January 17, 2011 | last updated June 1, 2012 9:35 am
Q&A

Employers Using Perks As Recruiting Tools

Marquard

Q&A talks about benefit trends with Kelleigh Marquard, branch manager of Robert Half International's Hartford location.

Q: A new survey by Robert Half shows education and training top the list of perks companies will be offering their employees in 2011. Is something that makes you a more productive employee considered a perk? If so, why?

A: Anything an employer can offer to enhance an employee's marketability can be considered a perk, especially in a very competitive job market. Employees always appreciate the opportunity to learn new skills or enhance existing ones, and they recognize that training or mentoring programs can contribute to their professional development, productivity and creativity.

A survey our firm conducted found that subsidized training and education was highly valued by employees — they ranked it a 6.9 in importance on a 10-point scale. Professionals recognize the tools and technologies they use to do their jobs are changing rapidly, and they want to keep up. While these offerings help companies develop a stronger workforce, they also benefit employees by providing them with the opportunities to build their expertise and career marketability.

Q: Companies will be offering telecommuting, which does seem like a perk. Why is this becoming more accepted in the corporate culture? Is it because supervisors like it for themselves?

A: Telecommuting has become increasingly common and has been greatly accommodated by technology. Telecommuting programs that equip workers with the tools they will need — such as a laptop, cell phone and the ability to connect to secure corporate networks safely — can allow workers to be equally productive from their home office or while traveling for business. Many professionals cite telecommuting as a perk they'd like to receive because it saves them valuable time and money on things such as gas and tolls, and, in many cases, it helps individuals achieve better work/life balance.

Q: When it comes to perks in a large corporation is it one size fits all? Can employees negotiate their own perks even outside of set policies?

A: Perks often are negotiable. When asking for a particular opportunity, the key for employees is to be able to present a case for how it will not just help them but also benefit the business. If asking for training subsidies, for example, professionals should be able to highlight to their managers how what they learn will allow them to make greater contributions to the company. If the request is for alternate work hours, individuals could show that this arrangement would give the firm greater coverage in terms of the times it is able to offer support to its customers.

Q: Why are companies adding perks in 2011? Has employee retention become a bigger issue? Is that a sign the job market is tilting towards prospective hires and away from employers?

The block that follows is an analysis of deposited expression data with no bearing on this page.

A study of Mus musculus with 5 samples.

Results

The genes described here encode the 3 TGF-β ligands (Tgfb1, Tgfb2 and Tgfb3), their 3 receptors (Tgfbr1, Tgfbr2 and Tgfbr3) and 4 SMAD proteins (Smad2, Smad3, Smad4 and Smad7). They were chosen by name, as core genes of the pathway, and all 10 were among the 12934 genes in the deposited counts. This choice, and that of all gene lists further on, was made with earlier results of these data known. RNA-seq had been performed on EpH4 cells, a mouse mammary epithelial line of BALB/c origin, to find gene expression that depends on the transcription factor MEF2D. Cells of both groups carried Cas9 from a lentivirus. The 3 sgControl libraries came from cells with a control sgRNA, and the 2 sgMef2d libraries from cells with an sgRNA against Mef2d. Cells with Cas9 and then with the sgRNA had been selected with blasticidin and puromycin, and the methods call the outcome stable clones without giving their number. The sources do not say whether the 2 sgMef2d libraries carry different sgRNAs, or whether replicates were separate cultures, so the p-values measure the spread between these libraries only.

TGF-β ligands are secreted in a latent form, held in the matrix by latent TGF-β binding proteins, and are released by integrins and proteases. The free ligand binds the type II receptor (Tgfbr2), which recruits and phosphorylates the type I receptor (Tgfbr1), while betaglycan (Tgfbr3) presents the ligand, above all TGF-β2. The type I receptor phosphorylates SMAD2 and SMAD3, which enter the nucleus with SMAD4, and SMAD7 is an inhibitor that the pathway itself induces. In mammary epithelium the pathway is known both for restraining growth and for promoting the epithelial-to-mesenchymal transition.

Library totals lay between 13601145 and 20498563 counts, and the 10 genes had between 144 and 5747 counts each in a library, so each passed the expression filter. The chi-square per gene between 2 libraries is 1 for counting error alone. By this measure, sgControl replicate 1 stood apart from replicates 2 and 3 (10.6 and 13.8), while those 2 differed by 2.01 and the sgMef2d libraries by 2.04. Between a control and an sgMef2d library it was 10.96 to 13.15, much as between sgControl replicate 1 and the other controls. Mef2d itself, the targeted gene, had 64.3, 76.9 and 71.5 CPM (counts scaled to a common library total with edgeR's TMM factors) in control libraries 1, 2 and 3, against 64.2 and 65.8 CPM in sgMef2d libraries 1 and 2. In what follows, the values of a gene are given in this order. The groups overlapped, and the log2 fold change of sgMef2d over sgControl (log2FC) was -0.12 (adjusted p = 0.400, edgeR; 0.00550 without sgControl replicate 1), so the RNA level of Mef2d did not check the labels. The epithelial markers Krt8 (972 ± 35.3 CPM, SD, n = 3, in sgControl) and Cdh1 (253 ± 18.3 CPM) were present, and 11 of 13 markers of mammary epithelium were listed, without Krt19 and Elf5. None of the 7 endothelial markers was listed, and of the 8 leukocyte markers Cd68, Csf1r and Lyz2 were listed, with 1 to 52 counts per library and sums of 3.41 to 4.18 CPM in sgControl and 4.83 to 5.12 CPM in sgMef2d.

A: As the market improves and more job opportunities become available to professionals, many companies are re-evaluating their retention efforts to avoid losing their top performers. Perks are a great way to reward employees for their hard work and help them enhance their career and work/life needs. Even companies not yet in the position to offer increased compensation can use perks, such as flexible schedules or training opportunities, to encourage workers to stay on board.

Offering perks shows that a company is invested in its workers and, in turn, can increase employee loyalty. Employees who have burned the midnight oil during the downturn want to feel appreciated for their hard work. Providing flexible work arrangements or free bagels on Mondays are low-cost, easy-to-implement incentives that can make a big difference for employees and keep them motivated to perform their best.

Companies that don't find a way to reward employees, particularly top performers for their achievements, risk losing them to other opportunities.

People are feeling more confident about making a career move, and firms, as a result, are beginning to enhance their compensation packages to attract and retain highly skilled employees. Businesses that don't consider similar measures could lose not only valuable staff and but also their competitive advantage.

Q: Along those lines, what does Robert Half see for hiring projections in the first quarter of 2011 in Greater Hartford and Connecticut? In what sectors is the hiring going to take place?

A: We are seeing positive signs, particularly as local employers continue to gain confidence in the recovery. For example, many firms are increasingly optimistic about their business prospects, and some are beginning to hire.

In some cases, organizations cut so deeply during the downturn they now need to hire full-time staff at the first sign of increased business volume. We're also seeing employers bring in temporary professionals to maintain productivity and gauge their long-term staffing needs.